Notre Dame's sustainability program, open to all majors, seeks to inspire students to cultivate practices and ways of living that preserve natural resources for future generations. The minor is housed in the College of Science, but it has proven to be an ideal way for Arts and Letters students to connect their interest in science with their passion for the humanities.
Notre Dame alumna Ray’Von Jones ’16 wants to make a difference in the world of education. And her sociology and Spanish majors are going to help her get there. “Education doesn’t only happen inside schools,” Jones said. “It happens in communities and in neighborhoods. So it’s important for me to have a larger understanding of what’s going on in our country in terms of racial climate, what different communities look like, and how they interact.
Claire O’Donnell has long been interested in researching education in developing countries, and her international economics major gave her the tools to do it. A 2016 Notre Dame graduate from Arlington Heights, Illinois, O’Donnell presented her senior thesis research this spring at the Undergraduate Research Paper Competition at the Midwest Economics Association’s annual conference. O’Donnell, who also completed a supplemental major in applied mathematics and a concentration in financial economics and econometrics, has accepted a position as a management consultant with PwC in Chicago.
Lindsey Horvath ’04 had one goal for her future—to be of service to others. At Notre Dame, she developed a broad range of skills that would help her pursue that goal, both in her career and in her community. The political science and gender studies major now serves as mayor of West Hollywood, Calif., in addition to owning an entertainment advertising agency.
Inspired by her extensive research on a 10th-century German empress, Ph.D. candidate Megan Welton set her sights early on a scholarship from the German Academic Exchange Service (DAAD), which provides funding for American students to study in Germany. Her patience and planning paid off recently, when she was awarded the scholarship to study for a year in Essen. “My success in winning a DAAD fellowship is directly linked with the immense support that I have received as a part of the Medieval Institute and as part of the wider Notre Dame community,” she said.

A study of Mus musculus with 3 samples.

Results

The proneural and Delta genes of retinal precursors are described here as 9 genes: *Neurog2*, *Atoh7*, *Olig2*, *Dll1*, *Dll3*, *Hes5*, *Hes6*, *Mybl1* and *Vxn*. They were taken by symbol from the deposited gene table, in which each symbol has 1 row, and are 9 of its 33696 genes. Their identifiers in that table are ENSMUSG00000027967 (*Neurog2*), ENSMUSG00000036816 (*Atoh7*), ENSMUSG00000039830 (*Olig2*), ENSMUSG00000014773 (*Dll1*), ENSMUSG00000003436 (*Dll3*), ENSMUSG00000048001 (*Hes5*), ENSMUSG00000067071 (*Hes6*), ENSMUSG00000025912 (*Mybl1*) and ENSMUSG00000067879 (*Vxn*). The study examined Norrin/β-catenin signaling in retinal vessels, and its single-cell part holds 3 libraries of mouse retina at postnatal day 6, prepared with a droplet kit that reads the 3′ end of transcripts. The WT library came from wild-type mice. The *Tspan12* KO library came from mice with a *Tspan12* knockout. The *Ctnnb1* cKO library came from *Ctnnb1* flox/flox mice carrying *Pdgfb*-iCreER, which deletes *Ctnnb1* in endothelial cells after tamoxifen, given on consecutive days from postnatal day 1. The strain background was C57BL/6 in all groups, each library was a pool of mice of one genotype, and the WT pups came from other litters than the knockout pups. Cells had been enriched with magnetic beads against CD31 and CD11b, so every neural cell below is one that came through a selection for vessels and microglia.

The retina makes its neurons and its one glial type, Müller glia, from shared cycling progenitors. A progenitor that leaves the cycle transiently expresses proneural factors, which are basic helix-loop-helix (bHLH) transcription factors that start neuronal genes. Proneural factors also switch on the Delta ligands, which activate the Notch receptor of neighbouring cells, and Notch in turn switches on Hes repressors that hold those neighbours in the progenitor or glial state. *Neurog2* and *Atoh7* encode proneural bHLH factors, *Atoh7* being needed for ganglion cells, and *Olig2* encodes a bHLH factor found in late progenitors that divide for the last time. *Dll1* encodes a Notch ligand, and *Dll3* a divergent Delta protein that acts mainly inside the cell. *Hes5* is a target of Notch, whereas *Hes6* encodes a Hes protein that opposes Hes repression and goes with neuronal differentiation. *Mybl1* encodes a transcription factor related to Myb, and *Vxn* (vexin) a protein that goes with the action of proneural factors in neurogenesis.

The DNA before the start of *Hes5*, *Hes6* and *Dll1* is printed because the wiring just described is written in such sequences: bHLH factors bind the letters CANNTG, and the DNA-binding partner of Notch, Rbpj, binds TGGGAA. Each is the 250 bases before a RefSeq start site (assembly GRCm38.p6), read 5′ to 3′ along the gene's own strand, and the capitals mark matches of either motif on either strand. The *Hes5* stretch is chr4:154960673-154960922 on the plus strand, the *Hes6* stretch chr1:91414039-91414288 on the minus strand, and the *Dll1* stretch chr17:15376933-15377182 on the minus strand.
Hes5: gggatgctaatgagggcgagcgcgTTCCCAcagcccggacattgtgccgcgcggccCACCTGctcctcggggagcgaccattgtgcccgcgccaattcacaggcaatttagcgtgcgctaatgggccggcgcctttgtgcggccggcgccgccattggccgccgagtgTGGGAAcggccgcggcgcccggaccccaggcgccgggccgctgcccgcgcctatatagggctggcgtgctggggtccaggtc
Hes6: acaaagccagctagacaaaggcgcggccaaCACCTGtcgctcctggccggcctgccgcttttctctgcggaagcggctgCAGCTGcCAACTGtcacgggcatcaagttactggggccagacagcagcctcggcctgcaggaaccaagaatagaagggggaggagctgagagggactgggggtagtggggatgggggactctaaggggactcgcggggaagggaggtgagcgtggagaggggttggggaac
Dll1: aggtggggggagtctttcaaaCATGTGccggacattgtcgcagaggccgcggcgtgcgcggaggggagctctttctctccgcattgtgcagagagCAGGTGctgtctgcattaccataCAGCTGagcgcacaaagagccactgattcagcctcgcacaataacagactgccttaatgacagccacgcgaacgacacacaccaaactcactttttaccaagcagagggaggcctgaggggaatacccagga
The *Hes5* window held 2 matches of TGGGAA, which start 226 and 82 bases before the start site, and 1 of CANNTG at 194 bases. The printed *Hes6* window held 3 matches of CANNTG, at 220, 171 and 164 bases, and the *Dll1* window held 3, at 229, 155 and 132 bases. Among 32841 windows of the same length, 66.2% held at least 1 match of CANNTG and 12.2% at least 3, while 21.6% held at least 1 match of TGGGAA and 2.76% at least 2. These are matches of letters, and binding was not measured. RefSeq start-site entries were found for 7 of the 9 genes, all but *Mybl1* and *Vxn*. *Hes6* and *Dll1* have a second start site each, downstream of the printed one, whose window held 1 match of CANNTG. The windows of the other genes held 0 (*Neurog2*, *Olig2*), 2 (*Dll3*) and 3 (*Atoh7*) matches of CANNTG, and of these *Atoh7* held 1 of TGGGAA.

Two recent undergraduate courses in the Department of Political Science have done away with the traditional classroom experience, instead opting for immersive participatory experiences. Whether designing, administering, and analyzing their own opinion poll or creating a mock Congress, students in these courses gain real-world experience that enlivens learning and can even give them an edge in the job market.
Notre Dame economics major Melanie Wallskog walked into her professor’s office hours with a question. She walked out with a job. That simple act of reaching out to a professor led to research opportunities in Nicaragua, Ireland, and Chicago. The senior from Bloomington, Indiana, and Glynn Family Honors Scholar has now co-authored a paper with two of her professors and is working on her senior thesis.
Sarah Tomas Morgan, Scott Copeland, and JesusisLord Nwadiuko were three of 60 College of Arts and Letters students who engaged in an immersive cultural and linguistic experience through the Center for the Study of Languages and Cultures’ Summer Language Abroad program. Through intensive language coursework and daily interaction with native speakers, students rapidly enhanced their command of a foreign language—be it Arabic, Cantonese, Chinese, French, German, Irish, Japanese, Korean, Russian, Spanish, or Swahili.
Notre Dame sophomore Olivia May has been interested in classical cultures for a long time. This past summer she was able to experience one in a new way—by physically sifting through its remains. The Wisconsin native received an award from the U.S.-U.K. Fulbright Commission to study in Northern Britain, including two weeks digging at the site of an ancient Roman fort, helping to uncover evidence of the Roman Empire’s influence in England.
The way Andrew Flatley sees it, his liberal arts education and the work he’s done in the hard sciences are surprisingly similar. “They both, from different starting points, move toward the same goal of trying to come up with a solution that can help humanity,” he said. That sentiment was echoed in the work Flatley did this summer. A senior anthropology major, he spent 10 weeks interning at the Johns Hopkins University School of Medicine, studying mice with Down syndrome.